Die afrikanisch-europäischen Beziehungen sind vielschichtig und nicht frei von Spannungen. Dennoch sieht Jane Nalunga, die Direktorin des Southern and Eastern Africa Trade Information and Negotiations Institute (SEATINI) in Uganda, viele Möglichkeiten für eine konstruktive und solidarische Zusammenarbeit auf Grundlage der Nachhaltigkeitsziele der Agenda 2030.
Almost a year ago, the newly appointed President of the EU Commission met with the Chairperson of the AU Commission during her first official trip abroad. She repeatedly announced that the EU Commission wants to take the AU-EU partnership to a “new level”. Do you see any improvement in that sense?
The commitment is welcome though we are yet to see it transformed into practical results that will structurally transform Africa’s economies. Although there has been bilateral assistance from the EU and the recognition that there are potential mutual benefits arising from the partnership, the historically unequal relationship has persisted. Such instances as the EU’s undue pressure on African countries to conclude the contentious Economic Partnership Agreements depicted a move away from the development intent to the pursuit of the EU’s objectives of increasing trade. But the AU has also failed to overcome the dependency syndrome and to come up with a coherent cooperation strategy for the EU.
The relations between African and European civil society are also not free of difficulties and misunderstandings. Which imbalances do you perceive? And what do we need to do to take our partnership to the “next level”?
While there is a lot in common between African and European civil society especially in terms of their fight for justice and a fair world, there is a power imbalance based on access to resources like finances, information and spaces for engagement. This has sometimes led to a skewed relationship between the two sides. European civil society should appreciate the challenges facing African civil society, especially in terms of access to resources and the complicated operating environment. The two parties should work under the principles of solidarity, mutual respect and complementarity while respecting diverging views, cultural sensitivities and priorities.
Which are the issues of common interest that both African and European citizens would benefit from and that the AU and EU should therefore focus on?
Both African and European citizens should push the AU and EU to focus on addressing the root causes of poverty and inequality within and between nations. This will entail the AU and EU working in concert to ensure that policies at their respective national, regional and multilateral levels promote sustainable people centred development as provided for in the Sustainable Development Goals (SDGs).
We continue to witness glaring inequality, for example in relation to climate justice, the distribution of wealth or the access to political and social rights. How can African and European civil society better coordinate their efforts to jointly tackle these challenges?
In order for the African and European civil society to jointly tackle these challenges, they should first of all develop a common understanding of the root causes and solutions to these challenges. This will facilitate successful joint engagement with the duty bearers in both Africa and the EU. For example, the challenges related to climate justice and the distribution of wealth are as a result of the promotion of the discredited neoliberal policies that facilitate unbridled capitalism. Yet some civil society members may see capitalism as as the solution. Joint advocacy cannot be sustained under such circumstances.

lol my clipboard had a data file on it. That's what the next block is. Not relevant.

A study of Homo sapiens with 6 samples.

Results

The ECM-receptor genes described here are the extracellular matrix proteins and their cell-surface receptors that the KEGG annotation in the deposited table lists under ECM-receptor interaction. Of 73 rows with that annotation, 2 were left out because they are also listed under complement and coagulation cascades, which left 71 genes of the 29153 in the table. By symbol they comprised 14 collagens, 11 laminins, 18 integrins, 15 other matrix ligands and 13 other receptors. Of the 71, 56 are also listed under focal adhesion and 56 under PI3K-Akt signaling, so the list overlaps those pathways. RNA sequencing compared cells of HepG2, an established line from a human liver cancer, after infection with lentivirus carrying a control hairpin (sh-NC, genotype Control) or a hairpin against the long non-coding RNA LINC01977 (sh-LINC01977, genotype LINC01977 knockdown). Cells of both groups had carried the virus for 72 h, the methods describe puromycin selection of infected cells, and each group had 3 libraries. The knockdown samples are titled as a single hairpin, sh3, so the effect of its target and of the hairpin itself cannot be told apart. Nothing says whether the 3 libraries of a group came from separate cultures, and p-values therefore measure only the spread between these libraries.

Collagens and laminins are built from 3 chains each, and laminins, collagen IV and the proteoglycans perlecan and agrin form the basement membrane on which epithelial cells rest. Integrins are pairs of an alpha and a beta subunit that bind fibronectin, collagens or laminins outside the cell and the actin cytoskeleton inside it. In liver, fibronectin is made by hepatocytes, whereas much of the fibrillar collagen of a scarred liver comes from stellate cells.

A new generation of young activists has entered the political arena with global concerns like climate change on their minds and digital communication tools in their hands. In how far does that change our mutual perception? Can we hope for more exchange and solidarity between people in Africa and Europe?
The young activists, facilitated by digital platforms, provide a ray of hope to promote solidarity between Africa and Europe. The dynamism and enthusiasm from the young people to advocate for such diverse issues as climate change, debt, fair taxation among others is refreshing. It is important that these efforts are channelled into engagement with power centres to ensure policy changes that will structurally transform African economies and eradicate inequality and poverty.
Jane S. Nalunga ist Direktorin des Southern and Eastern Africa Trade Information and Negotiations Institute (SEATINI) in Uganda. Sie war Podiumsteilnehmerin bei der Konferenz “Civil Society Driving Change: Towards a New Quality of the Africa-Europe Partnership“ am 16. Oktober 2020.
Das Projekt “Towards an open, fair and sustainable Europe in the world – EU Presidency Project 2020-2022” wird gefördert von der Europäischen Union und durchgeführt vom Verband Entwicklungspolitik und Humanitäre Hilfe deutscher Nichtregierungsorganisationen (VENRO), der portugiesischen Plattform entwicklungspolitischer Nichtregierungsorganisationen (Plataforma Portuguesa das ONGD), der slowenischen Plattform der Nichtregierungsorganisationen für Entwicklung, Globales Lernen und Humanitäre Hilfe (SLOGA) und dem europäischen Dachverband entwicklungspolitischer Nichtregierungsorganisationen (CONCORD).
Disclaimer: Inhalte mit Bezug zum Projekt “Towards an open, fair and sustainable Europe in the world – EU Presidency Project 2020-2022” wurden mit finanzieller Unterstützung der Europäischen Union erstellt. Diese Inhalte liegen in der alleinigen Verantwortung von VENRO und geben unter keinen Umständen die Meinung der Europäischen Union wieder.